I listen to music almost all day, everyday. Yesterday I grabbed the latest NIN album from: http://theslip.nin.com and it made me think about how the music stage is really evolving.
I realize there have been several recent changes that have really made everyone look at music and music distribution differently – but this was a big eye opener for me. I spent a good part of my life in music stores 60 miles away from my house (because that was the closest) while my mother was clothes shopping in the mall. I spent Saturday or Sunday afternoons leafing through CD after CD trying to figure out which one I was going to buy and then listen to on my Sony Discman on the hour ride home while my mother listened to her “oldies” on the radio.
I spent my college years doing the same thing, but this time I could walk to the record stores and I also had the option of looking at used CDs as well. Within the first six weeks of my stay at Penn State, I shelled out over $700 to buy all the NIN imports I could get my hands on.
I spent a lot of money on stereo equipment, speakers, and made sure my car had a great sound system because I love to listen to my music.
In the past ten years how I listen to, manage, and get new music has drastically changed. I cannot tell you the last time I was in a music store or what the last “physical” CD I bought. Most artists I listen to are not known to most because their music comes to me not through the radio, but through podcasts of their latest shows or featured on someone else’s podcasts. All my music purchases are through the iTunes music store (of course) and the most of my purchases are based on something I have heard on a podcast. Even though I have bookshelves full of CDs, I listen to my music through my computers, networked TiVOs or my iPhone. I do not even own a “CD player” besides the one in my car.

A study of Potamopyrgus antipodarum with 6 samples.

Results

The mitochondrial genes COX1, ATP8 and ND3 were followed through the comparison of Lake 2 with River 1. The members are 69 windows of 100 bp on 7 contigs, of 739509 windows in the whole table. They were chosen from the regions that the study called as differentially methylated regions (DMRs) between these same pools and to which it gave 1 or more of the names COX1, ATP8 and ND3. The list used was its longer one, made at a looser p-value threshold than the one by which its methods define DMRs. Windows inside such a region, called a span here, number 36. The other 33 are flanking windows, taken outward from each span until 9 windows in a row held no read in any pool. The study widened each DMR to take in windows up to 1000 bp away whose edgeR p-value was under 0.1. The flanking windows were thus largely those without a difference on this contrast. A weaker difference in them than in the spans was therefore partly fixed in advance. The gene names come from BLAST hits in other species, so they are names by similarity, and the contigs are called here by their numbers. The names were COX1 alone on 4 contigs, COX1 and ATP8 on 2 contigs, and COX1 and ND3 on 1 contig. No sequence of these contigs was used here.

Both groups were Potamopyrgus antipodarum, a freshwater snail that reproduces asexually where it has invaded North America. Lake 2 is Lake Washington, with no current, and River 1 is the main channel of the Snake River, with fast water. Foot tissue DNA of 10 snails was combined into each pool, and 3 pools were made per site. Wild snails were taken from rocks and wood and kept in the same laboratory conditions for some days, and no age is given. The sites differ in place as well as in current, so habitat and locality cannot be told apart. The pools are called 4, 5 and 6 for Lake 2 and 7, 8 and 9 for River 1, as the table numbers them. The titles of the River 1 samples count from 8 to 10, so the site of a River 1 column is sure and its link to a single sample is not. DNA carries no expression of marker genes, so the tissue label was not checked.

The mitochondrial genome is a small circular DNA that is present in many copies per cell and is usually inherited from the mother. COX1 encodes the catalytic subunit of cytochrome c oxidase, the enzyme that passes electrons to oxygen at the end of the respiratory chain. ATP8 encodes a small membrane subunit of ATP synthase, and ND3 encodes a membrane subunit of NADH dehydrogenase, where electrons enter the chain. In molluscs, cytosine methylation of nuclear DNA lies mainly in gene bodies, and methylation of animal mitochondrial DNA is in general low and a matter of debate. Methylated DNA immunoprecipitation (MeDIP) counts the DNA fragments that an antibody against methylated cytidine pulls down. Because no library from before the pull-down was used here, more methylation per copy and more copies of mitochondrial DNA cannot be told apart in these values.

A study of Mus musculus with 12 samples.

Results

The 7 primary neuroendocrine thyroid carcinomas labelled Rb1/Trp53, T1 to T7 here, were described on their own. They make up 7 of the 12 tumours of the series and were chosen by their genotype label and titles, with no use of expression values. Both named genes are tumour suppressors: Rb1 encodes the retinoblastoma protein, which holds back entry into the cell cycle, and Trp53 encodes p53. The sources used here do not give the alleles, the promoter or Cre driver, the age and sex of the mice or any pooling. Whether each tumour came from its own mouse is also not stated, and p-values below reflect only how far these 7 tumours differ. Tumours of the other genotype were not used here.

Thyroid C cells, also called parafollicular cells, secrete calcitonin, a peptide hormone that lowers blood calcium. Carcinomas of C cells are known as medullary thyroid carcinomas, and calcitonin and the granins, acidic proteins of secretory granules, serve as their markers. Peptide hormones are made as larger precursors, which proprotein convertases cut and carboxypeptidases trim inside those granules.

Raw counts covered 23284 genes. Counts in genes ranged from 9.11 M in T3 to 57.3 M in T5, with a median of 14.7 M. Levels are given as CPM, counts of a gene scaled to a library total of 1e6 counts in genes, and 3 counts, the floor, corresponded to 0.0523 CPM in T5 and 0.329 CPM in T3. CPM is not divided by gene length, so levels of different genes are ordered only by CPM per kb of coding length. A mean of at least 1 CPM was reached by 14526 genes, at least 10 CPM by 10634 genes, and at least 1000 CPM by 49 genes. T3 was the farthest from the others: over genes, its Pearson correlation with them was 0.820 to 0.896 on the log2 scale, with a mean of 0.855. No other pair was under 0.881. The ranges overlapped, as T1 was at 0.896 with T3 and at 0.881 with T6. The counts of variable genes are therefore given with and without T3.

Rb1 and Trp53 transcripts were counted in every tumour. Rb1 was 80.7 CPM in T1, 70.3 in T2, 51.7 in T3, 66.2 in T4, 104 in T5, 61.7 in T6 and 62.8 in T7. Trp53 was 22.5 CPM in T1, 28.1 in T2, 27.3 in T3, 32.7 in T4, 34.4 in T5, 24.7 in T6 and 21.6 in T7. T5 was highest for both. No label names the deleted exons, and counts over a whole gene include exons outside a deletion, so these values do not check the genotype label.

How does this all tie into the latest NIN album? The point I am trying to make is that almost all the music I listen to, enjoy, and think is the best stuff out there, is free (and legal) and from the internet…and the artists are pushing it like that. I think of telling my son when he gets older about how I had to drive 60 miles to buy the latest NIN album and it seems so antiquated when I downloaded the lastest one in a matter of minutes from my desk. I am very curious to see where this goes and if other artists will join Radiohead and NIN. This is a perfect example of when free is good and good is free.